Ghost House

Following on the heels of movies like The Forest and The Other Side of the Door, Ghost House is another tale of white people going to a foreign country, messing with traditions and customs and ultimately paying the price. It stars Scout Taylor-Compton as Julie and James Landry Hebert as Jim, a couple who have just come to Thailand for an adventurous vacation and get engaged within the first ten minutes of the movie. Their happiness is well-established, as is their chemistry. They genuinely feel like they get along, even if that connection is tested as soon as they’re introduced to their new friends, Billy and Robert.

From the beginning, they both demonstrate a lack of understanding of the local ideas and customs, to the point that they joke that they can’t even read from the menu. This comes back to haunt them—literally—as Julie can’t help but photograph spirit houses (or ghost houses) all over the city, despite being told that these things are not meant to be disrupted. As Billy and Robert drive them to the countryside to bring Julie face-to-face with the “best” (i.e., most frightening) ghost houses, it feels as though the audience is being treated to an entire first act all within the first twenty minutes.

From there, things evolve pretty naturally. Julie is possessed by whatever she came into contact with inside the ghost house, Billy feels bad for leading her out there and Robert doesn’t. It’s not a film that’s full of surprises and that definitely does hurt it, a little bit, but it doesn’t stop the movie from being entertaining, by any stretch. Even if there are some cringe-worthy bits of dialogue, especially much of what’s given to Michael S. New as Jim and Julie’s travel guide Gogo, there are some genuine scares that make the overall experience worthwhile.

Ghost House

Much of the success of Ghost House comes down to the fact that the movie actually feels big. There are some gorgeous locations and director Rich Ragsdale is clearly excited to showcase them as beautifully as possible. This sense of place helps to firmly establish the setting as well as give the movie as a whole a much larger backdrop than a feature of this size would typically have.

Most of Thailand is shot almost like a commercial and that actually kind of works. This exoticism helps to sell Jim and Julie’s wide-eyed innocence and ignorance. They’re tourists, after all, with a complete lack of understanding of the local mythology or what they’re getting themselves into.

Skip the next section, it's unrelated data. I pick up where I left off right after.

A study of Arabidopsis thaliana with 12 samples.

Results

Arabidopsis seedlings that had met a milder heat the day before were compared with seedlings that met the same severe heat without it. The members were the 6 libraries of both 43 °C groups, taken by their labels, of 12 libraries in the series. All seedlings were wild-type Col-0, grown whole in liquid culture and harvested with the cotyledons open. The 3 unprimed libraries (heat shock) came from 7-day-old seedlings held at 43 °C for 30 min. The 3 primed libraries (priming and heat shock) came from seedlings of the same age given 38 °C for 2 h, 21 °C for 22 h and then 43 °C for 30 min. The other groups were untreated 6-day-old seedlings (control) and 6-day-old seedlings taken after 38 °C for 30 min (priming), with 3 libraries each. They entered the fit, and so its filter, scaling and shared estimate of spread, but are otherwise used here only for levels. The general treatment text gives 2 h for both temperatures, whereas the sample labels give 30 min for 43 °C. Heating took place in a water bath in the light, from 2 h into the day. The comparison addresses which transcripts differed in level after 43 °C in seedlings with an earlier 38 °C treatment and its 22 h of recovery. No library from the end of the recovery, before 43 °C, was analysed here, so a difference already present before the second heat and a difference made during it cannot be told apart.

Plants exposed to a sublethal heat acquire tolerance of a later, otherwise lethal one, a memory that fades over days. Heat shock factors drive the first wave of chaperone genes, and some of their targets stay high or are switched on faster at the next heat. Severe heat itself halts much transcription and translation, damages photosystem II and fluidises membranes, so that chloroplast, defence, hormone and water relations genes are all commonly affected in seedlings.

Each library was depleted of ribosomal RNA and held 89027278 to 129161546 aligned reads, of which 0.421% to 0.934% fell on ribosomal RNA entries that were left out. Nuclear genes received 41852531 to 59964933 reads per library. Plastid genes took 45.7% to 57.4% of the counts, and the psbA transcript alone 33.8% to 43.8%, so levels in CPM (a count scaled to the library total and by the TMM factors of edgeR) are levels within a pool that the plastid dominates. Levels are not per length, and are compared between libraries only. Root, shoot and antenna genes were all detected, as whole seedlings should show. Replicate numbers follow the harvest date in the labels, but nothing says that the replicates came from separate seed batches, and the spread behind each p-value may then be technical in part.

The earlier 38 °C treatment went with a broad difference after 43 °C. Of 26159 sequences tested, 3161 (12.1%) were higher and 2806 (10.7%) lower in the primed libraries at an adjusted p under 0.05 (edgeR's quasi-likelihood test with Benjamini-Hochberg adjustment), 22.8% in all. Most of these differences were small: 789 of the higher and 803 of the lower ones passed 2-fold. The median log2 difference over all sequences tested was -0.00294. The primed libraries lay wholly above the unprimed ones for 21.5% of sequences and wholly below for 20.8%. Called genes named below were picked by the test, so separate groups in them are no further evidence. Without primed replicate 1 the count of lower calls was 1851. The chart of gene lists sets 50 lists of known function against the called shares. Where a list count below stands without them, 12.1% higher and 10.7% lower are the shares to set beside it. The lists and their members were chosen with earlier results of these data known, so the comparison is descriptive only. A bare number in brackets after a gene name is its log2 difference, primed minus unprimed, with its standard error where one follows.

One of the most interesting things about Ghost House, on a technical level, is just how little music there is for a film directed by a composer. Ragsdale is best known for composing the scores for things like Eight Legged Freaks, Masters of Horror and the Aliens vs. Predator games. He’s composed for multiple different mediums and therefore has to have a deep-cut knowledge of how music affects the rhythm of any given scene, whether it be a game, movie or TV show.

Yet Ghost House is largely silent. When there is music, it takes a strong backseat to the scene, with only exceptions being the larger fright sequences in which the score obviously leaps forward to help aid a jump scare. Because of the lack of focus on score, Ghost House almost feels like it could easily have been a found footage movie, especially at the beginning. In a decade that’s been largely defined by them, it’s almost surprising that this feature isn’t found footage. But, because of that, it’s also pretty refreshing as well.

Ghost HouseMaking Ghost House found footage would only have highlighted the film’s weaknesses, namely that it’s not really doing anything that hasn’t been done before and isn’t presenting any of its ideas in a new way. So much of its success is technical. It’s well shot, it has a decent sense of scope, it’s effectively edited and making it more of a travelogue or mockumentary—or any other attempt to pass it off as real, raw footage—would have robbed it of those things.

The other high point of success for Ghost House is the lead performance by Scout Taylor-Compton. Since Rob Zombie’s Halloween II, no matter what people thought of that movie, I’ve been saying that this is an actress who can do anything. That movie required her to deliver an intense performance dialed all the way up to eleven and she just went for it. Her performance in that was so raw without barely a single moment to stop and breathe and an actress that manages to pull that off can work with any material they are given.

With Ghost House, Taylor-Compton gets to portray an almost aggressively normal girl at first before the possession sets in and she manages to sink back into the rawness and insanity that she so deftly handled during her tenure with Rob Zombie. That’s what sells Ghost House and makes it an interesting watch.

Ghost HouseUltimately, there’s probably nothing in Ghost House that you haven’t seen before. But that doesn’t mean that it’s not an entertaining viewing. Ghost House is truly well packaged, great to look at and well edited to boot. It’s a slick movie and even if there’s no new ground being broken by the story, it’s effective and scary when the action kicks up.

It goes for the throat in an almost cathartic way, not forgiving the leads for their privileged ignorance but instead truly punishing them for it in a way that works. It draws heavily from the likes of James Wan and David F. Sanberg, but the slickness sells it and it is anchored by a compelling lead performance. Ghost House is available as a digital download beginning May 28th.


In addition to contributing to Wicked Horror, Nathaniel Brehmer has also written for Horror Bid, HorrorDomain, Dread Central, Bloody Disgusting, We Got This Covered, and more. He has also had fiction published in Sanitarium Magazine, Hello Horror, Bloodbond and more. He currently lives in Florida with his wife and his black cat, Poe.